CORALVILLE, Iowa — Hillary Rodham Clinton vowed to make stricter gun control into a campaign that can compete with the powerful National Rifle Association’s drive to preserve gun rights, and to put the issue on the minds of voters when they cast ballots on Election Day.
“We’re going to make this a voting issue just like the other side does,” Clinton said at a town hall event in early-voting Iowa.
Clinton said that while cutting down gun violence has become a tough political battle, she’s determined to push measures that would expand background checks, make it harder for guns to land in the wrong hands and overturn a law shielding gun manufacturers in lawsuits.
Clinton’s appeal comes amid an uptick in public support for tighter gun laws, and during the first presidential campaign since a series of gun massacres and the December 2012 shooting in a Newtown, Connecticut, elementary school that killed 20 children and six educators.
The issue remains popular among Democrats, who unsuccessfully pushed for gun legislation in Congress following the Newtown shootings.
An AP-GfK online poll this month found that 58 percent of Americans now think gun laws should be made stricter, while 27 percent think they should be left as they are and 12 percent think they should be made less strict.
That’s a slight shift since an AP-GfK poll conducted in December 2013, when 52 percent of Americans said gun laws should be made stricter.
But Democrats have avoided taking on the NRA in recent presidential elections. When Clinton’s husband, President Bill Clinton, left the White House after the 2000 election, he suggested that one of the reasons Vice President Al Gore lost was because of opposition in rural states to Gore’s approach on gun control.
Though it sounded like she was taking political aim at Republicans, Clinton’s strategy also is designed to shore up support in her own party by driving a wedge between liberal Democrats and her chief primary rival, Vermont Sen. Bernie Sanders.
The former secretary of state and Sanders have tangled over gun violence since last month’s first Democratic debate. Representing rural Vermont, Sanders voted for a 2005 measure to give gun manufacturers immunity from lawsuits. Clinton opposed that bill in the Senate and said in the debate that Sanders wasn’t tough enough on guns.
At a town hall at Grinnell College, Clinton didn’t mention Sanders but said the 2005 law was “absolutely outrageous. I voted against that. Why on earth would you gift that to anybody?”
Sanders said in an interview with MSNBC that he supported expanding instant background checks and pointed to votes in the past to ban assault weapons. But he suggested he’d be more capable of bringing various factions together to make improvements to the nation’s gun laws.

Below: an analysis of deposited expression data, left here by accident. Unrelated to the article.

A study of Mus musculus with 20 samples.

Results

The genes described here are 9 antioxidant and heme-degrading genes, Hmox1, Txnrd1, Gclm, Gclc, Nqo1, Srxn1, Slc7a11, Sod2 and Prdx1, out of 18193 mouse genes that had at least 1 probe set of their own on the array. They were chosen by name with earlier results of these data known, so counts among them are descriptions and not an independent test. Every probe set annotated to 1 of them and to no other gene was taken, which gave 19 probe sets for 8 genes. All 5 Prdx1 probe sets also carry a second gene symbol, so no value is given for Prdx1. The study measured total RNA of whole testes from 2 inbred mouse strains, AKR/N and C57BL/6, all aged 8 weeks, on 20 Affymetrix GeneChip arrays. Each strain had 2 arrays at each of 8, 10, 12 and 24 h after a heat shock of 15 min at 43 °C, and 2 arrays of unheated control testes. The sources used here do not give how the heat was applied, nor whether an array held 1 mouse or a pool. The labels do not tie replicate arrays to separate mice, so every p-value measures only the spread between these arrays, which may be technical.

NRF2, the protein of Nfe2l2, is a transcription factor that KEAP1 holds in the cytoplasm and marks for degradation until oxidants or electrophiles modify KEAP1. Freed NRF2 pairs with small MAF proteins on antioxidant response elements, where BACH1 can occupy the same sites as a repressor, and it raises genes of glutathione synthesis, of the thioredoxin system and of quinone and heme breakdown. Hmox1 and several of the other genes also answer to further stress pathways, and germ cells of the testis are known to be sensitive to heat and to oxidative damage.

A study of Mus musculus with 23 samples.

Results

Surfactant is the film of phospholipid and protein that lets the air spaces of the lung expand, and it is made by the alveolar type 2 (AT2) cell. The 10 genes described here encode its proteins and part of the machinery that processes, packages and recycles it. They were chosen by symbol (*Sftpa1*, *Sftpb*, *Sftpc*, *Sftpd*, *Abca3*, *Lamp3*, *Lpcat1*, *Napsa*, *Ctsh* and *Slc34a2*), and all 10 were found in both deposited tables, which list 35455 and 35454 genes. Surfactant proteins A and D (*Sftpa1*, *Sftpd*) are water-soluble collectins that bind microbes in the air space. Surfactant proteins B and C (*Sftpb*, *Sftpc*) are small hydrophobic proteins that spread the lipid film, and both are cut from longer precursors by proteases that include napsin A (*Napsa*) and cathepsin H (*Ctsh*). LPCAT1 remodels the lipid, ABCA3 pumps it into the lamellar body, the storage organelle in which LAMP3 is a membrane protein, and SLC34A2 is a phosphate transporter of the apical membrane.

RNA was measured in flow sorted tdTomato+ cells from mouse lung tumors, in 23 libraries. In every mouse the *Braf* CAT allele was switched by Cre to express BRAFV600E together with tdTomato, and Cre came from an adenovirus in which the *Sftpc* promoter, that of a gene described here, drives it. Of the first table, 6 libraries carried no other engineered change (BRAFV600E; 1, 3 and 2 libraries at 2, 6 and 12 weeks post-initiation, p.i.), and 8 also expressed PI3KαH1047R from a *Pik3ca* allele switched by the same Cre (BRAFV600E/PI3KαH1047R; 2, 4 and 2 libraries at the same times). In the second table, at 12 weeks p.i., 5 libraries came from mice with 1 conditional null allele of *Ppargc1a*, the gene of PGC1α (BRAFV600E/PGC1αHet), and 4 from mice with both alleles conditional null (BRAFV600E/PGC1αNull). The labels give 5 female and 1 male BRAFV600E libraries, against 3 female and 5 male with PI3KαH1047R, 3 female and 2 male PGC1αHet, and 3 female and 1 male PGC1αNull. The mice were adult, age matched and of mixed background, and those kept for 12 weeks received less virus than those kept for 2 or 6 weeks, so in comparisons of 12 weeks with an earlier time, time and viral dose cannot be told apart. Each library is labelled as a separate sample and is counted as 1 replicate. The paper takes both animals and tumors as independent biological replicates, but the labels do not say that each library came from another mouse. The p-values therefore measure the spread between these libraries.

“The difference perhaps that I have with the Secretary on that is that I believe we need a consensus,” Sanders said.
Former Maryland Gov. Martin O’Malley, who has struggled to gain traction in a field dominated by Clinton and Sanders, has also pushed for more stringent gun control.
O’Malley, campaigning in New Hampshire, rolled out a series of executive actions that he would take if elected President, including instructing his administration to stop defending a law that gives legal immunity to gun dealers and manufacturers when their weapons are used to commit crimes.
Clinton is airing new ads in Iowa and New Hampshire trumpeting her stance on guns and met Nov. 2 in Chicago with a group of mothers whose children were victims of gun violence, including the mothers of Tamir Rice and Michael Brown, who were both killed by police, and Trayvon Martin, the 17-year-old whose 2012 shooting prompted protests around the country.
Republicans say the issue represents another shift by Clinton, who pointed to hunting as a way of life and a cultural touchstone during her 2008 primary race against Obama.
“Hillary Clinton’s hypocrisy on guns reinforces that she will do or say anything to get elected and that she is well outside the mainstream on the Second Amendment,” said Michael Short, a Republican National Committee spokesman.
At the outdoor town hall, Clinton pointed to another difference with her rivals: the federal minimum wage. Clinton said she favored a $12-an-hour wage and would encourage communities to go higher, noting that some cities have approved a $15-an-hour minimum wage.
Both Sanders and O’Malley back a $15-an-hour federal minimum wage, which has been championed by fast-food workers and unions around the nation.
Clinton’s session at Grinnell included a question about global poverty by a man wearing a One campaign T-shirt. “I’ve had many conversations with Bono about this,” Clinton responded, referring to the U2 frontman and humanitarian. She said the global community had made progress fighting poverty but hasn’t been able to go far enough.